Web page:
RECIPE

How to put together an A+ antipasto platter

Antipasto has been an Italian staple for centuries — and for good reason

By Michael La Corte
Published September 6, 2021 5:30PM (EDT)
Fresh Mediterranean platter on a table (Getty Images/Alvarez)
Fresh Mediterranean platter on a table (Getty Images/Alvarez)

While ostentatious charcuterie boards may have become all the rage in recent years, the more self-effacing antipasti platter has remained a staple in Italian and Italian-American culture — just as it has for centuries within restaurants, households, formal events and casual get-togethers. While there is some overlap between charcuterie boards, antipasti platters and cheese plates, antipasti is a superbly calibrated confluence of flavors, colors, textures and temperatures that has been perfected over the years. 

As Martha Stewart notes, antipasto (the singular conjugation of antipasti) means "before the meal," which sums up the ethos of the course. A simple, complete means of "whetting the appetite," the origins of the antipasti platter date back to medieval times in Italy, according to Saveur. Antipasti began as a way to segue from cocktails into the heavier aspects of the meal, an ideal midpoint between the cocktail hour and the first formal course. Think of it as a way to get things going, but not overfill. 



In the present day, the ethos of antipasti endures; there is an inherent aspect of sharing and conviviality when it comes to antipasti, in that it's rarely ever served for one person. 

There's not as much of a "recipe" for antipasti as there are conceptual guidelines — the ideal platter hits certain flavor profiles, has diversified textural components and temperatures, offers something for everyone and is designed in an eye-catching display. It's more so an architectural feat than it is "cooking;" it's mainly just compiling items, to be quite honest. But it is especially delicious. 

Many online recipes purport to approximate the flavors of the classic antipasti platter in dishes like salads, sandwiches, pasta salads, dips and more, but the original is unimpeachable.

Kitchen Stories states that it's best to pull all ingredients and components out of the fridge a good 20 minutes prior to serving to ensure room temperature antipasti. Use a large enough board, platter, or serving vehicle — made of stone, wood, ceramic, whatever — just make sure it's large enough that you artfully display the antipasti and maybe add some fun little aesthetic touches to gussy up the whole affair.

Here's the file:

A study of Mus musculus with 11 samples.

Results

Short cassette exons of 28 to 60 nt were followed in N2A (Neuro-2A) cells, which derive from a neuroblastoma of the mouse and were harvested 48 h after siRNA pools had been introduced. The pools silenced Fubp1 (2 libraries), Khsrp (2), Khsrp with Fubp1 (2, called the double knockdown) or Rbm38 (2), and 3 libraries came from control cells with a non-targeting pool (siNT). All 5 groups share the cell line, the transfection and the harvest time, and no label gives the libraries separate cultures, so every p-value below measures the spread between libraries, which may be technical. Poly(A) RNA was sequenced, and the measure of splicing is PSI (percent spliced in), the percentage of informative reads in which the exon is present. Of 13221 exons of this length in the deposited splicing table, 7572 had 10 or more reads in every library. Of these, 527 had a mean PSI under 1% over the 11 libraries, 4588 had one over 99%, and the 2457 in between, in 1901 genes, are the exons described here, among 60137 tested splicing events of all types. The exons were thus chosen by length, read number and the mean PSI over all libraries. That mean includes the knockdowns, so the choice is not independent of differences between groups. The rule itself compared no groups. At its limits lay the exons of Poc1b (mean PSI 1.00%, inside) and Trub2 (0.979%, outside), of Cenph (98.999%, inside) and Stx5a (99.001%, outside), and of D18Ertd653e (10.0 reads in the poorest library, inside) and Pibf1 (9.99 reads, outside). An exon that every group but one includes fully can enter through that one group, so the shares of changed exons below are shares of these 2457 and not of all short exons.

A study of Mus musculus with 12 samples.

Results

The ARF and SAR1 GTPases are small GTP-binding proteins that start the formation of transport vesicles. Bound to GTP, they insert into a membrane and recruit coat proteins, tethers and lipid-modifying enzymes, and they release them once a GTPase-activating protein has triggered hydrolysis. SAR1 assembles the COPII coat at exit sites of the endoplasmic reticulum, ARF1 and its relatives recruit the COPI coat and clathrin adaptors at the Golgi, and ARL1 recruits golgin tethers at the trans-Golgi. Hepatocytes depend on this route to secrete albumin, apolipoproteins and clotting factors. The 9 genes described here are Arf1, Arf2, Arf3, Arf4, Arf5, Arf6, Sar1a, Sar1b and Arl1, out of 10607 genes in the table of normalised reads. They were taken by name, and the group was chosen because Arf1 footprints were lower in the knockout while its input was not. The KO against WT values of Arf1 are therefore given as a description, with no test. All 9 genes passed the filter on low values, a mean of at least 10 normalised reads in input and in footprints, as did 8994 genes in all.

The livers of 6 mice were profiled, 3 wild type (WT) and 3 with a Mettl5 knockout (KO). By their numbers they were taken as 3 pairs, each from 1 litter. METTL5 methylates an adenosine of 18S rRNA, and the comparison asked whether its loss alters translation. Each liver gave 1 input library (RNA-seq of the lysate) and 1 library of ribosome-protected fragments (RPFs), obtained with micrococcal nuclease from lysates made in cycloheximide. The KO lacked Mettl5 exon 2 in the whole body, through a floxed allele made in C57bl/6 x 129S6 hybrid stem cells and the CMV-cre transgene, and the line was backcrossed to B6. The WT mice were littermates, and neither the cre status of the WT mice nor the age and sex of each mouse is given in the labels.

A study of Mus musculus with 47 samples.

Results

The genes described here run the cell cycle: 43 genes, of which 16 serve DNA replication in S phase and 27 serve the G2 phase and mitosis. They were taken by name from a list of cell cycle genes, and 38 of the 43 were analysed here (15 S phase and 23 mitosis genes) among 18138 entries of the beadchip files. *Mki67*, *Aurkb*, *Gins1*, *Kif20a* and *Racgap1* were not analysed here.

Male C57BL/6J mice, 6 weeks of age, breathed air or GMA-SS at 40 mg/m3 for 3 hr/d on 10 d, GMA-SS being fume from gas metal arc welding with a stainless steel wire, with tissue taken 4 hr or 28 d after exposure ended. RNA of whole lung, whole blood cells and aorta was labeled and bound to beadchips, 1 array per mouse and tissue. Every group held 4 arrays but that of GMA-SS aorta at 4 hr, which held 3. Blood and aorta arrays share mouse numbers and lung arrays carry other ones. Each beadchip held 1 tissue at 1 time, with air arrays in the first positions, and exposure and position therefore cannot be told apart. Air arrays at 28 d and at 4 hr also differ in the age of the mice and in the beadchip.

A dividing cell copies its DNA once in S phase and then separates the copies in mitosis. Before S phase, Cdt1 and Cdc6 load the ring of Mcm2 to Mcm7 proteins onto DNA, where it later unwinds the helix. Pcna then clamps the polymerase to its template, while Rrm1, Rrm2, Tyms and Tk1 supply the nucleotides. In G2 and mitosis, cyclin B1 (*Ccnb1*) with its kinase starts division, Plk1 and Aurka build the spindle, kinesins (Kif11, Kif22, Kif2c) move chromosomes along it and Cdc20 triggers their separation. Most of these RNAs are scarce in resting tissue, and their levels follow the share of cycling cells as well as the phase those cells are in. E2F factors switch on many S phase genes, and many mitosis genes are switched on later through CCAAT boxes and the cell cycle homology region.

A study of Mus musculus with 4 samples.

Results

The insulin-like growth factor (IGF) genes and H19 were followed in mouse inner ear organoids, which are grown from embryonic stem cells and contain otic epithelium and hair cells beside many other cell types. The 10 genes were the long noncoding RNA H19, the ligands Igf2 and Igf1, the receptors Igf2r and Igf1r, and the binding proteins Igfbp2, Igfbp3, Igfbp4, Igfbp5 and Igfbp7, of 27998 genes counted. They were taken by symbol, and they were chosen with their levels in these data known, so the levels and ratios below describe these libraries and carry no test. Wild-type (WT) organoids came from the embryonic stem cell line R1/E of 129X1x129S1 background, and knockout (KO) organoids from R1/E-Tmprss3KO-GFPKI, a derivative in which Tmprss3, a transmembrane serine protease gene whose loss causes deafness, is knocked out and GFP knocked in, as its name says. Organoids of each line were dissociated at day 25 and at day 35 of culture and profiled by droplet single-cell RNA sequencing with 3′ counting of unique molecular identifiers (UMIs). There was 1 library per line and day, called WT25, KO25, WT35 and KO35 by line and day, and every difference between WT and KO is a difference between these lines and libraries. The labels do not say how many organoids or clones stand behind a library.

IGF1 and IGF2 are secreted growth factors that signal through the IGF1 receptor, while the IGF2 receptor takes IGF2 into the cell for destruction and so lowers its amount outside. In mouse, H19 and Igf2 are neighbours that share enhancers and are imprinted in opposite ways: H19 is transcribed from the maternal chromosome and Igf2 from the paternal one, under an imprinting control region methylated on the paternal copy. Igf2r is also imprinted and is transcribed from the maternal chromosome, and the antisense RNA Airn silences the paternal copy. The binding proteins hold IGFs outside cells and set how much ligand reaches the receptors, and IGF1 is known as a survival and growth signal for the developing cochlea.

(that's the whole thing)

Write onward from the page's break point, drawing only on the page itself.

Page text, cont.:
Be sure to slice or cut most ingredients, just to "start them off" and so that your guests don't have to tire themselves out hacking away at a piece of difficult-to-slice cheese or sausage. Be sure to include small spoons or utensils for spreads, jams, jellies, olives and the like. 

Also, be sure to sprinkle some flaky sea salt on the majority of the components, just adding a final note to really amp up the flavors, and maybe a light drizzle of high quality olive oil. 

There should be distinction and diversity within the color, temperature, texture and flavor profiles of the ingredients presented. Fresh raw herbs can be a fun, verdant touch, but they're mainly just decorative. Lastly, make sure to have some bread or crackers on hand to act as the vehicle to deliver the wonderful antipasti options, as well as condiments to act as a "glue."

Here, we've outlined the myriad options to help you put together the world's best antipasti platter. Choose a few options from each category, consider how those flavors might blend, and dig in! We bet your guests will love it. 

Choose several items from each category

The meats and proteins: prosciutto di parma, capicola, sardines, anchovies, pepperoni, pancetta, sopressata, salami, mortadella, dried sausages, smoked salmon, paté

The cheeses: parmigiano reggiano, pecorino romano, brie, taleggio, manchego, high-quality blue cheeses, provolone, fresh mozzarella, asiago, grana padano

The veggies: pepperoncini, chickpeas, mushrooms, marinated artichokes, pickled onions, giardiniera, oil-marinated zucchini, olives, radishes, thinly shaved raw fennel, fresh herbs, capers

The fruits: sun-dried tomatoes, marinated cherry/grape tomatoes, dried cranberries, currants, raisins, cantaloupe, cherries, apples, oranges, berries, grapes, bruschetta, figs, apricots

The condiments: honey, mostarda di frutta, Dijon mustard, jams, marmalades, chutneys, olive tapenade, pesto

The nuts: macadamia, pistachios, almonds, walnuts, chestnut, pecans, peanuts, cashews, hazelnut

The carbs: baguette, pumpernickel, crackers, crostini, flatbread, sourdough, focaccia, ciabatta, carta di musica, rye, peasant loaf


Michael is a food writer, recipe editor and educator based in his beloved New Jersey. He loves hard cheeses, extra-crispy chicken cutlets, chocolate-coated candied orange peels, any and all pasta dishes, croissants, peach juice, coffee and admittedly stans Mountain Dew — as damning as that may be. He is a burgeoning movie buff and has an irrational distaste for potato bread. He is especially passionate about music, social justice advocacy, his loved ones and his dog, Winston.